In June 2010, I made a stop in Boston to meet a friend for lunch. We had planned to eat at a swanky bistro with a view of the Atlantic and, in the distance, planes soaring into the sky from Logan Airport.
It was a day illuminated by summer sunshine, a Friday of loosened ties and rolled-up sleeves. Boston Common felt like a college campus.
Driving to pick up my friend, I quickly got lost in gridlock. I was circling Boston’s streets, fumbling to read the directions on my Blackberry, looking up and slamming the brakes.
Approaching one intersection for the second or third time, I caught sight of something off to my right. It was a wheelchair. Next to it was a man lying on the ground. I was alarmed. Had he fallen off? Was anyone helping him? Was he hurt? Just a few yards ahead, on the right, I saw an alleyway. Should I turn in?
I ticked through these questions as I waited for the light to change, glancing from it to the man on the ground. The light turned. I looked up, saw green, and drove. Someone will help him, I thought.
As I accelerated beyond the intersection, I glanced into my rearview mirror. I watched someone stride toward the man and the wheelchair and, with perfect grace, sidestep both.
Oh my God, I thought, as I drove further. No one is helping him. How could someone walk right past him?
I thought about my plans. I could return to the man on the ground, but who knew how long that would take? What if he was homeless? Where would I take him? Would he be safe to bring into my car? What if I had to cancel lunch? I had only a couple of hours in Boston; I rarely saw this friend and didn’t want to disappoint her.
I didn’t go back.
After lunch, I hit the road again to drive to New Hampshire. It was then that I began to contemplate what had occurred earlier that day. Shame settled in like a migraine. The truth that any reader now sees began to envelop me: I had driven into a modern-day parable of the Good Samaritan, and I failed. I saw a victim crumpled on the side of the road, and I did nothing. Actually, I rationalized. I coached myself not to assist. And then I watched the fallen man get sidestepped, and kept going.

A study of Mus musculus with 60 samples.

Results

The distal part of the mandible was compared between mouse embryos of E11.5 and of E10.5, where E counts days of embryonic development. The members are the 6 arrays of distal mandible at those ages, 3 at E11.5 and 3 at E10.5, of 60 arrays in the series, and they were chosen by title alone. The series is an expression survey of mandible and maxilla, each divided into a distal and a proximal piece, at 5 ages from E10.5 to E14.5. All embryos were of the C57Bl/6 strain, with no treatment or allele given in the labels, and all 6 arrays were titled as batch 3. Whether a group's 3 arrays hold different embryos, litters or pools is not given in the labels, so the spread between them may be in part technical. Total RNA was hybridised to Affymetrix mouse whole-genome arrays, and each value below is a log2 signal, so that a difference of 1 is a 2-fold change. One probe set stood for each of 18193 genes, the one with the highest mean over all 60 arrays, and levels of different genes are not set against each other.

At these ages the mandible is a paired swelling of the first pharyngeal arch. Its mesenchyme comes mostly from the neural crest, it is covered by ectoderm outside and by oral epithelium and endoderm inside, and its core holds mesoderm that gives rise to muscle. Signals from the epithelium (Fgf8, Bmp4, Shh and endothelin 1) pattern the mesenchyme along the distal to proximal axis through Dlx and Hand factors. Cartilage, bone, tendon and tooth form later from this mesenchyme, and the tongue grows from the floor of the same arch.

At the time, I had just finished a year teaching Scripture to high school sophomores. We had covered the Good Samaritan, as well as the radical, terrifying words of Jesus about the demands of discipleship. I knew Catholic theology and followed the chatter on Catholic blogs, frequently giving my opinion on divisive issues. I considered myself a practicing Catholic.
But when it really mattered, when I encountered a human situation that Christ explicitly anticipated, my immersion in Catholic thinking had as much impact as my knowledge of geometry. My convictions and dispositions, the thousands of words I had spilled into comment boxes online, did not motivate me to pull over, get out of my car, and give a hand to the man on the ground.
The memory of my omission still pierces me, because I still so readily intellectualize my faith. I drift into abstract questions or fixate on viewpoints, advocating this and criticizing that, often without any sense of how these opinions spur me to tend to the sick, pick up a cross, or love an enemy. I become a really good spectator.
Page after page of the Gospels, however, tells me that followers of Jesus do not exist to gaze. I am not here to watch the human condition like an astronomer searching the sky. Christians embrace a faith in which embodiment—Jesus’ and ours—is central. A bleeding woman, a blind man, a lost son: these are the icons of affliction that reveal whom Christ has come to serve and save. They are the icons of those whom we are called to serve and save in the ordinary experiences of our lives, in a hospice, in a shelter, at a school. Or on a busy Boston street.